Senate to be briefed on election security Wednesday
© Greg Nash
The Senate will get an election security briefing on Wednesday, as Democrats clamor for Congress to pass new legislation ahead of the 2020 election. 
 
Senators will have a closed-door meeting with Trump administration officials, including briefers from the Department of Homeland Security, FBI and the Office of the Director of National Intelligence, according to a senior Senate aide. 
 
 
House Democrats passed a massive election and ethics reform bill earlier this year and have followed it up with smaller bills as they've tried to put pressure on the GOP-controlled Senate to take action. 
 
Senate Democrats are hoping the election security briefing will move Republicans toward backing additional legislation and funding. In addition to requesting a briefing, Senate Minority Leader Charles SchumerCharles (Chuck) Ellis Schumer2020 Republicans accuse Schumer of snubbing legislation Schumer: Leadership trying to work out competing surprise medical bill measures Top GOP senator: Drug pricing action unlikely before end of year MORE (D-N.Y.) backed putting election security in a mammoth defense bill, has called for stand-alone legislation and wants to put additional money for election security assistance in the upcoming appropriations bills. 
 
But those efforts have faced a buzzsaw as top Senate Republicans, including Majority Leader Mitch McConnellAddison (Mitch) Mitchell McConnellOvernight Health Care: GOP senator says drug price action unlikely this year | House panel weighs ban on flavored e-cigs | New York sues Juul McConnell hopes Senate impeachment trial 'not too lengthy a process' Former Speaker Boehner's official portrait unveiled MORE (Ky.) and Rules Committee Chairman Roy BluntRoy Dean BluntMichelle Obama presents Lin-Manuel Miranda with National Portrait Award GOP divided over impeachment trial strategy Overnight Health Care: Cigarette smoking rates at new low | Spread of vaping illness slowing | Dems in Congress push to block Trump abortion rule MORE (Mo.), the panel with primary jurisdiction, have brushed off calls for new legislation.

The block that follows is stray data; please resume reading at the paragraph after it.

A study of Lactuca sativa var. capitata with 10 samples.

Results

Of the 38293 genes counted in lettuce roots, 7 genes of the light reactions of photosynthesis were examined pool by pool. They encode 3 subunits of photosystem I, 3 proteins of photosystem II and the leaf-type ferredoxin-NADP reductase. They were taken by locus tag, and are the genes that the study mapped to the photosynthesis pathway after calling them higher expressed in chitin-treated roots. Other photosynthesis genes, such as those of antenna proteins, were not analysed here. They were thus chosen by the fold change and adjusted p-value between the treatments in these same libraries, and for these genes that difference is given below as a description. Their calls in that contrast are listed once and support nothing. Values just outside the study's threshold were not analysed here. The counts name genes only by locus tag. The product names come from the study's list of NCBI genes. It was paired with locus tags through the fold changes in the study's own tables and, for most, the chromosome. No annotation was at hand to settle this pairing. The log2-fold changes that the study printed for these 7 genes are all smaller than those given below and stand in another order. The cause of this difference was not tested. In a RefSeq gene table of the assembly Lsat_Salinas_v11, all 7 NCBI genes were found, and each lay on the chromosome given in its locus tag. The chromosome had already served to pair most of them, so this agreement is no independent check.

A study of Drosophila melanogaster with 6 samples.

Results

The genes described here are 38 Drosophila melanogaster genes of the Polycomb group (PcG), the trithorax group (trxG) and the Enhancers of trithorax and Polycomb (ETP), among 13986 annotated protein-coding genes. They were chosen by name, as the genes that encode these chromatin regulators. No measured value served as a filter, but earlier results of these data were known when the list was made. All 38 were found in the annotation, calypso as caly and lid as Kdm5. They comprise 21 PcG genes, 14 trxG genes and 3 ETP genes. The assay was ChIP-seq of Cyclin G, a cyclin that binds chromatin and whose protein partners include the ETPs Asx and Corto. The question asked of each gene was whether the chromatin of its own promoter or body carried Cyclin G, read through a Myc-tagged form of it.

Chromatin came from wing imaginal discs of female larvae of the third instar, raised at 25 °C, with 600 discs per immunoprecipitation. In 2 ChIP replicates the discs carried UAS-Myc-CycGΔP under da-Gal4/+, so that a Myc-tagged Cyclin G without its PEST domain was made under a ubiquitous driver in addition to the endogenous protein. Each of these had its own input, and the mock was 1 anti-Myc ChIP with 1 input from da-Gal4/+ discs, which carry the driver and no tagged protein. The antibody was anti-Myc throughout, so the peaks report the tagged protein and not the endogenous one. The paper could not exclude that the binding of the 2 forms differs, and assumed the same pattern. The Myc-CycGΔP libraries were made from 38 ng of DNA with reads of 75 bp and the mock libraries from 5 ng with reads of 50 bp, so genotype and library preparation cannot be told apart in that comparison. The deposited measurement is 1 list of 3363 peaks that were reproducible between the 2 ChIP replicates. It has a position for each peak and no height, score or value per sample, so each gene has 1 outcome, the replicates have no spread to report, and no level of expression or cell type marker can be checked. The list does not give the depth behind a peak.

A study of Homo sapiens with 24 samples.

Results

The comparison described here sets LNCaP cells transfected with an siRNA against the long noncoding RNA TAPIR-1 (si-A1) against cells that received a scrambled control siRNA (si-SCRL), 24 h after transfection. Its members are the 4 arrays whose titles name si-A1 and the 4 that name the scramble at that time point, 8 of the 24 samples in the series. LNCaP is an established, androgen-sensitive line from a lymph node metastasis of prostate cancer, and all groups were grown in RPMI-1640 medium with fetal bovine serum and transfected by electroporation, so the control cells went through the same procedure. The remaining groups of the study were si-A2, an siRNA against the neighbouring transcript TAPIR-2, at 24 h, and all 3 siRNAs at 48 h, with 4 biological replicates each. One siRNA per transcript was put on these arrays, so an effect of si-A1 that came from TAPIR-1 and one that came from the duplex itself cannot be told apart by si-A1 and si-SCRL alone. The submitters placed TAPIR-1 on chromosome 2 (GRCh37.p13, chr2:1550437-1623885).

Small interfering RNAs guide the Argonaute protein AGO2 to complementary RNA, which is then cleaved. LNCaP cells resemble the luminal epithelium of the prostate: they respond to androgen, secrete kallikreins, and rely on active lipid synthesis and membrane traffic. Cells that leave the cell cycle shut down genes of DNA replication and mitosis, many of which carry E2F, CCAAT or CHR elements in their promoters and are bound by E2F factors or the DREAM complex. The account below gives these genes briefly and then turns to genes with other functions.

Blunt told members of his committee that he would not hold votes on election security bills because McConnell “is of the view that this debate reaches no conclusion."
 
McConnell also warned during a Fox News interview last month that he believes Democrats are trying to politicize the issue. 
 
“I’m open to considering legislation, but it has to be directed in a way that doesn’t undermine state and local control of elections. The Democrats ... would like to nationalize everything. They want the federal government to take over broad swaths of the election process because they think that would somehow benefit them,” McConnell said.